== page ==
All-of-a-Kind Seder in the Time of Covid-19

Right there, in the chapter “Mama has her hands full,” four of the sisters fall sick with scarlet fever. 

library-aoakfI always loved the All-of-a-kind sisters as a child. They were an echo of my life, or I was an echo of theirs. A watered-down version of their reality: One of three sisters instead of five. Jewish, but not nearly as observant. Instead of living an insular life surrounded by Yiddish-speaking immigrants in Manhattan, we lived out in the suburbs, integrated completely with our “gentile” friends. I was the sort of introspective child who occupied herself with worrying about what-ifs. What if gravity just stopped working? What if the world was ending? What if I was born a boy? What If I had been born eighty years earlier? When I read a book like All-of-a-Kind Family, I could find at least one answer—oh, that’s what it would have been like.  

So it was soothing to pick it up now, when it seems that gravity has stopped working, and all the things that tethered me to the earth—my appointments, my childrens’ schedules, my work, my friendships—have gone away and I am simply floating. Here is something to hold onto. Passover is coming, and even in quarantine we celebrate as best we can. Just ask the All-of-a-Kind girls. Even banished to the sick room, little Gertie chants the four questions. Why is this night different from all other nights?

There is almost always a moment in the middle of Passover prep where I hear that same echo I used to hear when reading that book. It’s in the clink of the not-so-good-but-technically-matching china. The expanse of a white tablecloth that will be covered with red wine stains by the end of the night. I watched my parents do it, copy them now when I do it myself. I can imagine my grandmothers doing it (they were so young, once!). Their mothers, whose names are mine. Further back, the women whose names have been lost to time and travel (they were strangers in a strange land). We are all getting ready for Passover. The details change. We accommodate modernization, new languages, new countries, new customs. But we’re all doing the same thing, echoing each other.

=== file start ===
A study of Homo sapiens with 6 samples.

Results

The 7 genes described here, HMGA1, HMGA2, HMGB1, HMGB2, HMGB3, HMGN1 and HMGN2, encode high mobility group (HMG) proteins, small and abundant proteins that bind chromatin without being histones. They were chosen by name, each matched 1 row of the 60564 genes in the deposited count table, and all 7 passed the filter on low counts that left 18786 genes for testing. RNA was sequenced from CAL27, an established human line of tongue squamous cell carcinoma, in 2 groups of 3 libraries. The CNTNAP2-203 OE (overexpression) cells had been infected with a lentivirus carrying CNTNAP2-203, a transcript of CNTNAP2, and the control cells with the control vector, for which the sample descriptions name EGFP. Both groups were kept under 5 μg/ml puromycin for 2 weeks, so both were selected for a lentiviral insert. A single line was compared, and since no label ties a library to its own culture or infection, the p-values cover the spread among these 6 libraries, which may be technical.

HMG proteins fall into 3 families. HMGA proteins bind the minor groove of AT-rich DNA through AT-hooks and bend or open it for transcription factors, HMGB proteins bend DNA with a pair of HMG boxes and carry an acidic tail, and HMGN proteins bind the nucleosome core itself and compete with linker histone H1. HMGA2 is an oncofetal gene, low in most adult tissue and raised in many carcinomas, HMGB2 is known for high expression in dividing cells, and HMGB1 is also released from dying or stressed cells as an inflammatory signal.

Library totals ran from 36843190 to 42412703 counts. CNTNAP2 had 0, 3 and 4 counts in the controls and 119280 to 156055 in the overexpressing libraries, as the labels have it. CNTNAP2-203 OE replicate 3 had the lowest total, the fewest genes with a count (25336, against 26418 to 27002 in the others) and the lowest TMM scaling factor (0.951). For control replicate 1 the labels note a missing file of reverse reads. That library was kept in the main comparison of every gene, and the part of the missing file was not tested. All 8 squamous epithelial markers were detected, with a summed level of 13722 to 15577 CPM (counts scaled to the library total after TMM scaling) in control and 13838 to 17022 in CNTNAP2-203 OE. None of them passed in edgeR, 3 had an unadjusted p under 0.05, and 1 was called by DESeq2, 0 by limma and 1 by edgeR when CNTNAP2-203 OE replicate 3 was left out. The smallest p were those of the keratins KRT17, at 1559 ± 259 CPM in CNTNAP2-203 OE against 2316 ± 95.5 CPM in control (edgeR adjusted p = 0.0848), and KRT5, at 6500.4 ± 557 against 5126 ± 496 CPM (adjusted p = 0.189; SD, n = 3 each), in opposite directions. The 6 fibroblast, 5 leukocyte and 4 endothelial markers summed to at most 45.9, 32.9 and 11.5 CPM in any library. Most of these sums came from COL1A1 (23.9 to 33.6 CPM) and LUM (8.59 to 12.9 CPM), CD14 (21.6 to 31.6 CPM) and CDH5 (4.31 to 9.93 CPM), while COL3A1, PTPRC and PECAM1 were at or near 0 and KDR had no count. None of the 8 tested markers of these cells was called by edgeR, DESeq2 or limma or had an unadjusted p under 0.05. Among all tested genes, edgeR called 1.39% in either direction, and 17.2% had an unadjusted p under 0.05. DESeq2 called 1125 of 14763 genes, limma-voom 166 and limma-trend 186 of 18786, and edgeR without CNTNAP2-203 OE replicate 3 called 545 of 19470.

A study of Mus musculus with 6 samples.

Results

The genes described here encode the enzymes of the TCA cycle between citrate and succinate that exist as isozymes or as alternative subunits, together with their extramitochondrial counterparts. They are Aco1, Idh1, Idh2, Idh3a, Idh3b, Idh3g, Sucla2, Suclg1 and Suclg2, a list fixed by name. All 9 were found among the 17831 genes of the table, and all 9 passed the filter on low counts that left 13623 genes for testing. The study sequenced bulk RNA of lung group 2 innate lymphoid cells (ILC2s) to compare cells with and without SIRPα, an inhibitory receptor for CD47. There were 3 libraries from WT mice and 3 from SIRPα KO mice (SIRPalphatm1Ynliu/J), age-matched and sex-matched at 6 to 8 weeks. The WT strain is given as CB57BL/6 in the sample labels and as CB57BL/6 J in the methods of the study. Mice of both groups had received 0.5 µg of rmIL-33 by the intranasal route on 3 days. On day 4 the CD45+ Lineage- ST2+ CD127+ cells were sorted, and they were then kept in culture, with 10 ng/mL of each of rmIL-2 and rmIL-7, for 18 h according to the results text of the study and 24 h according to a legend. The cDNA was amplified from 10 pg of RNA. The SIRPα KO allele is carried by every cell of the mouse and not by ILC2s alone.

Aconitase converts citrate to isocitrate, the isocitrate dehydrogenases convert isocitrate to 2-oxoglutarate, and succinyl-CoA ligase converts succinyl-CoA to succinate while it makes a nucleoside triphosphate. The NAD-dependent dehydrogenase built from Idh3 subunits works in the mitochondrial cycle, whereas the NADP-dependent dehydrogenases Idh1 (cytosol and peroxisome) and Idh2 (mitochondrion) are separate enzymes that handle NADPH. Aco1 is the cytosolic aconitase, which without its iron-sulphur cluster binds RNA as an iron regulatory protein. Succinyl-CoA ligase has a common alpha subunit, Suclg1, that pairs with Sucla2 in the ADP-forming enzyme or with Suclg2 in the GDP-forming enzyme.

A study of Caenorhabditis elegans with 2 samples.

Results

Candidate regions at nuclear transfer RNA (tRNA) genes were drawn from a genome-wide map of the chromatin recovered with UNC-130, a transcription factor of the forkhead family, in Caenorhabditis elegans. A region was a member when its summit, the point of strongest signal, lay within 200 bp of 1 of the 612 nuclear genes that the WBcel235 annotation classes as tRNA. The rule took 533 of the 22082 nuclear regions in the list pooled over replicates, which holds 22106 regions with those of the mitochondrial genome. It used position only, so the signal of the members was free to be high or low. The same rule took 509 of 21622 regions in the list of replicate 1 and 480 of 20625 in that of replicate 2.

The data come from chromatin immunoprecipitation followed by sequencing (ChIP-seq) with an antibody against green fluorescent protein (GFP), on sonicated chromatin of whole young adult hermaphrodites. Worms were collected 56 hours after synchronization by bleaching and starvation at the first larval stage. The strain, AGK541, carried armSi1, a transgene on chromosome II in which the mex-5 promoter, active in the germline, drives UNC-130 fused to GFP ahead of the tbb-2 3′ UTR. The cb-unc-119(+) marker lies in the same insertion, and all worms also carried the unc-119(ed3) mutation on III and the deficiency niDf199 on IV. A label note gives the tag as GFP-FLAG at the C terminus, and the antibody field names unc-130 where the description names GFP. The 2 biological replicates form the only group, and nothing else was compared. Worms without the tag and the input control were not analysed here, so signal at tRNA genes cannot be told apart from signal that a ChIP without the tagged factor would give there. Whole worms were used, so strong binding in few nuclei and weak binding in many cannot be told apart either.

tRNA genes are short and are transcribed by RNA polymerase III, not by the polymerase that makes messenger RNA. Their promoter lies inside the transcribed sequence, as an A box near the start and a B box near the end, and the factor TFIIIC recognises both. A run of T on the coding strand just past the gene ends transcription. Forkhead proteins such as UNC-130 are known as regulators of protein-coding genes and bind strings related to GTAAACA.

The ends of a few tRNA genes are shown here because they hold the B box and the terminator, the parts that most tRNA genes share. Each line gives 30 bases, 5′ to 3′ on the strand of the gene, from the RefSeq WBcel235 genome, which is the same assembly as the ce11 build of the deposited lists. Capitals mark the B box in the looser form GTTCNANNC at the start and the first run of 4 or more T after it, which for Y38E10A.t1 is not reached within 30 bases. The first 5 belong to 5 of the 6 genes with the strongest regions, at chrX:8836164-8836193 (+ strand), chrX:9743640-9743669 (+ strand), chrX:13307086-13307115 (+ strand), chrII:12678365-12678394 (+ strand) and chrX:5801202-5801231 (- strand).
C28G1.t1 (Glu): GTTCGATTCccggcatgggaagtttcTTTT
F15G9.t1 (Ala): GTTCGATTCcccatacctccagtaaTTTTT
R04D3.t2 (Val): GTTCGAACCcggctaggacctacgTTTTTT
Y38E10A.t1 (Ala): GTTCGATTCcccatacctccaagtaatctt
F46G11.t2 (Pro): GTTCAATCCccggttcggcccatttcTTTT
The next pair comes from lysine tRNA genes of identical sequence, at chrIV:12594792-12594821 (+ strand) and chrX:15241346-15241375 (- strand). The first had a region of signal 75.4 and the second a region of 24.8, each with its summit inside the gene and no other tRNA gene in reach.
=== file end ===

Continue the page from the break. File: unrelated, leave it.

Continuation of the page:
That’s the point of the Seder, in the end. We symbolically relive the story of Exodus, so that we can say that we, too, were freed from bondage. Not just our ancestors, but us too. We double back on ourselves, a mobius twist, year after year, century after century. We were enslaved, then freed. Divided, then reunited. We run to open the door for Elijah, for the no-contact deliveries, for the daily gossip of a neighbor. Why is this night different from all other nights? How similar this night is to others that have come before!

 


Carolyn Abram is a Seattle based writer. She has written several editions of Facebook For Dummies books and is a lifelong Jewish learner.